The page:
Recently I got to take a look at the “Thrills & Chills” package of short films for the National Film Festival For Talented Youth (NFFTY) of 2022. The set of films in this event are describes as, “Spooky, scary superstitions send shivers down your spine! Viral videos and sinister smart devices might lead to your demise… meeting your girlfriend’s parents has never been more nerve-racking.” NFFTY is celebrating the 15th anniversary of their festival in-person in Seattle, April 28 – May 1, and virtually from April 28 – May 8, 2022.
Below I’ll be letting you know my thoughts on each film or project I viewed in the “Thrills & Chills” package for the National Film Festival For Talented Youth of 2022. I took each one and looked over specifics I tend to watch out for such as matching the themes of horror (which are wide in variety), acting, directing, cinematography, and that general list of big bullet points that go into film.
Another Taste (music video): This short film/ music video featured Kathulu Lemon and was directed by Lizz Marshall. Fantastic visuals, editing, and performance flooded this video. Central themes of the horrors of expectations on women came through in strides. Visually stunning with a captivating performance by Kathulu Lemon made the whole experience a horror-filled yet blissful escape into a vividly eerie story.
Peaches and Scream (short film – Denmark): The writer and director of this film, Adrian Kirk Ejsing, had a decent vision with the story here but some lost focus on the narrative overall. Tue Heiberg and Emilie Claudius Kruse star in a truly unique story with excellent acting on their part within a great setting choice of an old mansion. The feeling when watching the film of comfortability coming in and out so subtly was great along with the flip of expectations, but overall it felt like a story fit more for a series or longer film.
Wendigo (short animated film – Ireland): A mixture of animation styles, this short film by Max Hendrickson, had some unique and surreal moments at times but the conversations between characters felt off both in animation and cadence. The plot became confusing at times between the legend’s origins (Norwegian family, yet legend originating truthfully from other regions). While visually captivating and so much fun to watch unfold, particularly toward the end, things got more confusing than they should have been. I would love to see this style and story told in the format of a horror narrative video game someday.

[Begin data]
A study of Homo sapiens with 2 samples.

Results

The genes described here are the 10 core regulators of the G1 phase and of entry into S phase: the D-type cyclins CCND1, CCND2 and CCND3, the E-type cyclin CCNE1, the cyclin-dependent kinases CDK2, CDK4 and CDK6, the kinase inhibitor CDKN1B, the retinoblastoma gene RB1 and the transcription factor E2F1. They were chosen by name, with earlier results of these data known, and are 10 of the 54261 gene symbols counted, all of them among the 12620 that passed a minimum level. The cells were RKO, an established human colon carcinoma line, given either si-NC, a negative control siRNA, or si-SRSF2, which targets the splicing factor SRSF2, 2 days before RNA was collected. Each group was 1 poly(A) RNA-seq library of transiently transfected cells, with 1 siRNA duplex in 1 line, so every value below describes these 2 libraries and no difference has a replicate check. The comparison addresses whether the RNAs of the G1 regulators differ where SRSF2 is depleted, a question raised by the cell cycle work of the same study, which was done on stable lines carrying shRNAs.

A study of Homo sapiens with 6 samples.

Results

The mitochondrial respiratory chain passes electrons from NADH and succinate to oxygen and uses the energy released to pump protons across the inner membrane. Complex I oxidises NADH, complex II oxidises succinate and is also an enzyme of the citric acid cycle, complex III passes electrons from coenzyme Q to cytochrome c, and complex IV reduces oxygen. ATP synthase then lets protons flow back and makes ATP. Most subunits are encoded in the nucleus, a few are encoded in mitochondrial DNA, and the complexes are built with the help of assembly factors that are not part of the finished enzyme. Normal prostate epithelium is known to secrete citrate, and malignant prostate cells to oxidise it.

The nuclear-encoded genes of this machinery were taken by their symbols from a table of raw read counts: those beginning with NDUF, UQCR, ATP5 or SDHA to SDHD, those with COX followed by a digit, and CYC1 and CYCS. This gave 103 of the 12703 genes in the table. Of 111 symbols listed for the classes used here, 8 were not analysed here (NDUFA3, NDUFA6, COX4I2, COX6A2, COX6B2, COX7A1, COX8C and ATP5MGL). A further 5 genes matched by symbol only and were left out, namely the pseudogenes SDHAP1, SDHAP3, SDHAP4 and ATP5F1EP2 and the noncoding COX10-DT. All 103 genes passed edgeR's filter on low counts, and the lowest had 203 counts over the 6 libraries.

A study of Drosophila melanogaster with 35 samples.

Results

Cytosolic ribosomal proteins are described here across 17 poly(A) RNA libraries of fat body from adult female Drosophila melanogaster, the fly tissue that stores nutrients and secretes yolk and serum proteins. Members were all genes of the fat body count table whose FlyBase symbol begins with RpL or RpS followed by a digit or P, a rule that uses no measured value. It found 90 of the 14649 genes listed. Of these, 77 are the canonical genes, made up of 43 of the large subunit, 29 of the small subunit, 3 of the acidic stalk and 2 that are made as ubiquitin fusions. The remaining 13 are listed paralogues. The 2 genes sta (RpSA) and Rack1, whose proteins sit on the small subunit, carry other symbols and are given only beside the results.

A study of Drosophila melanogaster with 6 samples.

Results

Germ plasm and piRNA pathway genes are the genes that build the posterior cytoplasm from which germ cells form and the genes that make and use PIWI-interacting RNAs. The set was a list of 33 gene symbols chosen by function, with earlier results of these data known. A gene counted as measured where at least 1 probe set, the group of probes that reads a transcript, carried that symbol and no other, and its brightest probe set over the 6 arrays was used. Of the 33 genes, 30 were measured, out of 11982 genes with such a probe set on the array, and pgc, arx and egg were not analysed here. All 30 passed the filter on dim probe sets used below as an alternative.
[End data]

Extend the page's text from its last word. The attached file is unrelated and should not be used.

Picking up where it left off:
Spare Body (student short film – United States): A short horror film from a high school student, Ethan Hunt, shows a fantastic list of qualities you’d see in seasoned short filmmakers and/or horror directors today. While not perfect, showing some hiccups with abrupt sound-mixing as well as some possible missteps when it came to revealing the monster initially, the film was very well done. With a great monster and equally great ending camera shots, there’s an exciting future for Hunt in film.
Smahorror (short film – Japan): Shot like many digital-based found footage films before it, this school-based horror story finds terror in what can be difficult to comprehend. I do warn those who watch, there is suicide content and discussion involved in the story. From director, Masaki Nishiyama, this film uses some incredible camera work, developing each scene along with the music and score. I felt the ending lacked some clarity, but overall it was effective in the terror and tension it brought forth.
Talisman (short film – Canada): A unique take on the power of superstitions, this film by director Reangsei Phos takes the emotional weight of being young and amplified fears can become. The balance in this film between drama, horror, and storytelling is fantastic. This film expertly understands the emphasis placed on parental influence in supernatural, cultural, and even spiritual beliefs. There’s a beautiful future ahead for Phos in horror and film in general.
Proto (short film – United States): With a point-of-view feeling close to home for the growth of our technological fears, this film by Cal J.T. Moreno focuses on the panic that can grow as we see digital control growing more and more in our lives. Although I loved the POV used and how it told the story, some moments here and there in the dialogue became awkward, mainly between the couple portrayed. I would be very interested in seeing a feature-length version of this film, because overall it becomes a story worth that amount of time.